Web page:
Nationalism, civil religion and greed-based economics

Mar 30, 2017 by


A triumvirate of evil, manifest in many forms throughout human history and inspired by the epitome of all evil, Satan, is represented in the Revelation as follows:

The Great Harlot (massive addiction to a greed-based economic system)


A Many-Headed Monster (massive oppression through an evil political system)

A Lamb-like False Prophet (massive persuasion through a deceptive belief system)

Regardless of how one feels about the mystifying collage of images and metaphors found in the Apocalypse (which means “unveiling”), I find its symbolic portrayal of the nature of evil profound and insightful.

The Revelation doesn’t refute the view that sin and wrongdoing result from individuals yielding to personal temptations, but presents us with a much more comprehensive picture of evil as a force that controls the very systems that tend to hold all of us in their grip.

First-century believers, who lived under the most advanced and most oppressive empire of their time, understood this. They realized how much evil comes from simply going along with whatever have become the political, economic and religious norms of the day. In other words, we sin by simply doing what everyone is expected to do, by going along with the seemingly normal and acceptable status quo.

In this way, the Evil One, the Dragon, the Ruler of Darkness becomes much more efficient at perpetrating violence and other forms of evil, by infusing the world’s very systems and institutions with it, as follows:

This is a symbol of political power become cruel and heartless. In the cartoon-like portrayal of this creature in Revelation 13, we see a fearful-looking creature with many heads and many horns. While the original readers of the Apocalypse would have clearly associated this with Rome, this “beast” is still at work wherever governments, ordained by God to preserve order and do justice, instead become agents of destruction, intimidation and oppression. This beastliness is everywhere, exists under many flags and is a part of many (if not all) forms of human government.

By contrast, this creature appears benign and harmless, and is portrayed as a lamb with two innocent looking horns. “Lamb” is, of course, the metaphor used most often for the slain but triumphant Christ in the Revelation, but this false imitation has “a voice like the Dragon” (Satan). In other words, it is like a devil in lamb’s clothing, and its primary purpose is to persuade the masses to give their full allegiance to the First Beast (above).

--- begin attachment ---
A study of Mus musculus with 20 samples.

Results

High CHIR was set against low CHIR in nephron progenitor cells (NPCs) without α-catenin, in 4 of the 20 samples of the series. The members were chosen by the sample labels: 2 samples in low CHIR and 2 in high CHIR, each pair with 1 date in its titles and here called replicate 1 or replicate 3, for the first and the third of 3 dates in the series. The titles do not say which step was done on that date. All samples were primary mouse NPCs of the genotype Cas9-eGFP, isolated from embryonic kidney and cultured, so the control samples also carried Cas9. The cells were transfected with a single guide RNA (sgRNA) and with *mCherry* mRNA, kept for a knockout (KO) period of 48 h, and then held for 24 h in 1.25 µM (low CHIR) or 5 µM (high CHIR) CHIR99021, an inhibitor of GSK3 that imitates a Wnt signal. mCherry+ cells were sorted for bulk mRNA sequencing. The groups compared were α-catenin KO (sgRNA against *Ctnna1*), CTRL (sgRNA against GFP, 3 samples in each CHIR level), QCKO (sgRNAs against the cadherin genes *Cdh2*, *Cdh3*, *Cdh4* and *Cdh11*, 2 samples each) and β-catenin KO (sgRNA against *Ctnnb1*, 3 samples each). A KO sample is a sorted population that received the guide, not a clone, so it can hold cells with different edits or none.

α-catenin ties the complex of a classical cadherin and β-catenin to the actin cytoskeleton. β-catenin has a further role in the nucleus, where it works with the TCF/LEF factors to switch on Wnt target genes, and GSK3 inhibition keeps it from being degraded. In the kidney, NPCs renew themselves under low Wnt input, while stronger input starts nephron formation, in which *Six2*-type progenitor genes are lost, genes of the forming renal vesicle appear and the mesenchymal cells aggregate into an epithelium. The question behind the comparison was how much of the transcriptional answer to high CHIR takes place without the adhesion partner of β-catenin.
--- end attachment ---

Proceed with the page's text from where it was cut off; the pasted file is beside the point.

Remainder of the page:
In the first century, this would have involved an actual cult of emperor worship, but in every age and in every place, oppressive regimes rely on various forms of false religious or secular belief systems for their support and validation. These includes, in our time, the nationalistic cult of civil religion, based on the myth of American exceptionalism and of our being a superior and indestructible nation. All “God and country”-based religion extols patriotism as one of its highest virtues, as do secular belief systems like socialism, fascism or communism. All serve one and the same purpose, to convince people that by serving the First Beast they are serving God or some other form of supreme good.

BABYLON (THE GREAT HARLOT) (Revelation 14-19)
This seductive woman sits royally astride the First Beast, the one with seven heads and 10 horns. She is the antithesis of the radiant woman in Revelation 12 who represents the holy people of God. Babylon is dressed in purple and scarlet and bedecked with gold and expensive jewelry of all kinds. She holds a seductively beautiful gold cup in her hands, but one that is filled with filth. All the kings of the earth commit adultery with her, and the merchants of the earth weep and wail when she finally collapses in ruin.

Babylon is the symbol of a greedy and self-indulgent global economic system that is in bed with political powers everywhere. So great is her grip on the wealthy and her ability to oppress the world’s poor and add to their misery that all heaven breaks loose with a chorus of praise when she collapses. (Interestingly, the words of Handel’s Hallelujah Chorus in his “Messiah” oratorio are from this section of the Apocalypse.)

This three-fold combination of the oppressive political power of world’s empires, the persuasive power of false belief systems that support such powers, and the seductive power of greed and wealth that is wedded to them, all results in evil being deeply entrenched in the institutions that govern our world.

Only the kind of alternative power available to the followers of the slain Lamb can keep us from being controlled by this triumvirate of evil.

“Ours is not a conflict with mere flesh and blood, but with the despotisms, the empires, the forces that control and govern this dark world — the spiritual hosts of evil arrayed against us…” (Eph. 6:12, Weymouth translation)

Harvey Yoder is an ordained pastor and member of Family of Hope, a small Virginia Mennonite Conference house church congregation. He blogs at Harvspot, where this first appeared.